I live in a world renowned ski resort town that draws two million visitors every year and that relies heavily on tourism as an economic driver. Every day, especially in the winter, I witness tourists interact with the local population, the environment and each other. I see everything from grouchy, entitled tourists to gracious and respectful travelers—guess which type has a better time?
Here are ten ways to assure that you stay on the “nice” list (and far from the naughty), wherever your travels might take you.
Do Your Homework
Sometime in between booking accommodations and scouting out restaurants, take some time to learn the local customs. For instance, restaurant servers in Canada and the United States typically expect diners to leave them a tip. My server friends are filled with dread when someone from a non-tipping country sits in their section. It’s worth learning what is appropriate, particularly if you intend on returning to the establishment.
I’ve seen tourists prevented from entering beautiful cathedrals in France for wearing short shorts and tank tops. I’ve seen seemingly innocent gestures, like pointing, be interpreted as rude. As they say, when in Rome—learn the customs and respect them!
Talk the Talk
If you’re venturing into new language territory, make some effort to learn the basics. Assuming that everyone can speak English can come across as presumptuous. A little effort goes a long way, and locals will probably admire (or at least respect) your attempts, even if your pronunciation is a little off.
Take the Road Less Travelled
Every town has its tourist attractions, which you can easily pick out from brochures in tourism offices or from flipping through guidebooks. If you’re looking for an authentic experience, seek out the road less travelled. Restaurants near tourist attractions are often overpriced and underwhelming—venture to lesser known neighborhoods to truly taste the local flavors.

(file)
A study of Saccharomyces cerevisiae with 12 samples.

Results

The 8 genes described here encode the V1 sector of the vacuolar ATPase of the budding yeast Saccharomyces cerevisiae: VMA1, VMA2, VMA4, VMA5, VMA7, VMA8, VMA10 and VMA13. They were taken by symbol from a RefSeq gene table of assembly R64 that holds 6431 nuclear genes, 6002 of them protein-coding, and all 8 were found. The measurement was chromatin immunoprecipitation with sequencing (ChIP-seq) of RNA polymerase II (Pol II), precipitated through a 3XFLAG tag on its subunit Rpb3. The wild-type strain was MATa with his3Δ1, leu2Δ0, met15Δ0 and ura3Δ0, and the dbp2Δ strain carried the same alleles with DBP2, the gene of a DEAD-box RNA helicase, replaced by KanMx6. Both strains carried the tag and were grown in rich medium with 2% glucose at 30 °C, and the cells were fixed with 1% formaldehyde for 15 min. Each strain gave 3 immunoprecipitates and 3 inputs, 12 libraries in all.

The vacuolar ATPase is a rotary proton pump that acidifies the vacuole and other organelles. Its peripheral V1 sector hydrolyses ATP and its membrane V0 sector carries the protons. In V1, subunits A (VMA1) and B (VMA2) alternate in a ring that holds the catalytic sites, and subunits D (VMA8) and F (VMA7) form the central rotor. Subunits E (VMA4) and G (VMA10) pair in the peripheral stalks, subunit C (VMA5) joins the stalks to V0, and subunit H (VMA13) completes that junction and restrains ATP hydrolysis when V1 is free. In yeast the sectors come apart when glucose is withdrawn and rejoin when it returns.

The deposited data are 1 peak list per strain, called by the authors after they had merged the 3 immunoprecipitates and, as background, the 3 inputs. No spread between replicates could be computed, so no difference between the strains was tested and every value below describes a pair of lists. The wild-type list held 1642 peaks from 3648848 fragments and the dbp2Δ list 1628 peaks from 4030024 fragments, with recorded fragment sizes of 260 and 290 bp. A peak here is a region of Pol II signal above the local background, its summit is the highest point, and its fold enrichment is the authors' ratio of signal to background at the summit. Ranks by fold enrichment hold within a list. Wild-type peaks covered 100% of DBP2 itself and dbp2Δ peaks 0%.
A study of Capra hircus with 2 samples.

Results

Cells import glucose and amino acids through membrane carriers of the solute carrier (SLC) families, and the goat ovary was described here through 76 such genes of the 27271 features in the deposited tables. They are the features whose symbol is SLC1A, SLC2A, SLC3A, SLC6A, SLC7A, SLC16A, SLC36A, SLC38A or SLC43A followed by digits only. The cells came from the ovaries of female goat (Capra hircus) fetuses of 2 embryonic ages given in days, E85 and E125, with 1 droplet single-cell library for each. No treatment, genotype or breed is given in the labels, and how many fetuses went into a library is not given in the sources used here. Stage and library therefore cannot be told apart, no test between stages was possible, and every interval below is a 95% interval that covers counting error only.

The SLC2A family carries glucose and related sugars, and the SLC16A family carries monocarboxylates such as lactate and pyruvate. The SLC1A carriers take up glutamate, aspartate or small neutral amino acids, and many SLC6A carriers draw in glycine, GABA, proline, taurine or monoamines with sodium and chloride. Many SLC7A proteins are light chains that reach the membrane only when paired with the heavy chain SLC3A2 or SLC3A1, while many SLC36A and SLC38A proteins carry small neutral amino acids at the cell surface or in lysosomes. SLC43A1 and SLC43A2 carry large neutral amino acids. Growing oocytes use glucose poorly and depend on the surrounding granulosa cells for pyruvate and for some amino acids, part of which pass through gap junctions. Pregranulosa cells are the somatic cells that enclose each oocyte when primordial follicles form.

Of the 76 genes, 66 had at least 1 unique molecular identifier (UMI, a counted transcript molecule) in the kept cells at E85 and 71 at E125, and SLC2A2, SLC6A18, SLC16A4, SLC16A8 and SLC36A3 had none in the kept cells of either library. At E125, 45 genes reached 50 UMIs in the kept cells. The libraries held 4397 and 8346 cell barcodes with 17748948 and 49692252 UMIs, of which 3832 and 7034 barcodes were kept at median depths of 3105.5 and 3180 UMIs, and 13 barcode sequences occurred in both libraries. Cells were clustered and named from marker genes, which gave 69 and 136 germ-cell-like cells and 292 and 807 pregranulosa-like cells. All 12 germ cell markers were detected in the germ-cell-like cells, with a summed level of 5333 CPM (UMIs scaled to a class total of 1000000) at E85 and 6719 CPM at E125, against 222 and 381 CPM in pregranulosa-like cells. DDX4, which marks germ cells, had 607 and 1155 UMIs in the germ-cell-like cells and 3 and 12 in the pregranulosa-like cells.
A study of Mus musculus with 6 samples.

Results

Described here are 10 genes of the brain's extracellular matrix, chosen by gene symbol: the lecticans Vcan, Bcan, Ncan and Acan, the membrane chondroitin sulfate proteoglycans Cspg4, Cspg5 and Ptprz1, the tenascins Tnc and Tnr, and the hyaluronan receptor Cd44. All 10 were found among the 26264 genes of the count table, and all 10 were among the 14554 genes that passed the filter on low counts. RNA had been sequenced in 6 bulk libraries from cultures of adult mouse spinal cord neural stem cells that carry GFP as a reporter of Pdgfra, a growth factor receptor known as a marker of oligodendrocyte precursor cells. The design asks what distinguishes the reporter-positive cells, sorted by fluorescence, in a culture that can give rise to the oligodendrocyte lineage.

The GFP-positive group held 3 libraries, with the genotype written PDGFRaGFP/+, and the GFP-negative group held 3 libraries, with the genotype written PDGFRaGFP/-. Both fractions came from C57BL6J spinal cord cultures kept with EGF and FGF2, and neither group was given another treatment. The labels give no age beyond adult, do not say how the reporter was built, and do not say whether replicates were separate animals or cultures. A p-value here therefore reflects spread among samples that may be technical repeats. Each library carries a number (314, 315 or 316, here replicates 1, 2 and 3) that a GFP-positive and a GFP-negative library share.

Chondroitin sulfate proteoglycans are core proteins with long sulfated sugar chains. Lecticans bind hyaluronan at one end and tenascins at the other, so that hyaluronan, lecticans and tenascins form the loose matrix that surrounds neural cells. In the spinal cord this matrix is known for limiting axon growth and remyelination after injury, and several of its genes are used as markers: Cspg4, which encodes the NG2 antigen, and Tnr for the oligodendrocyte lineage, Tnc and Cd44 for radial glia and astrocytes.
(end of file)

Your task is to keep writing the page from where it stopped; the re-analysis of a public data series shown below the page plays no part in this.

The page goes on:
Scour the web for recommendations from people who have been to your chosen destination, or ask around to see if any friends (or friends of friends) have spent some time there. Or better yet…
Befriend a Local
Don’t be afraid to sit at a quiet bar and get to know the bartender. Chat with the person sharing the chairlift with you, or ask the cashier for their help and recommendations. Locals treasure their secrets, but if you take the time to establish their trust, they can show you a side of their town that you would never find in a guide book. Ask them how long they’ve lived there, how they ended up in their town, and where they like to go for lunch. You’re bound to meet a few memorable characters along the way.
Mind Your Manners
You wouldn’t believe some of the behaviour I have seen from people who are stuck in holiday mode. Litter on ski runs, senseless vandalism, obnoxious shouting at 3 AM in residential areas—some people just forget that their holiday destination is somebody’s home.
It’s great to let loose and have fun, but be mindful of your actions and respectful of the place you’re visiting. If you wouldn’t behave that way in your own backyard, then don’t do it.
You didn’t travel just to replicate your routine at home, did you? Don’t be afraid to try new things and embrace the unique experiences that your destination has to offer. Order something you’ve never heard of off a menu, or partake in an activity that makes your knees shake. And don’t you dare step foot into a McDonald’s—unless, of course, you’re curious about the EBI Filet-O in Japan or Shaka Shaka Chicken in Singapore.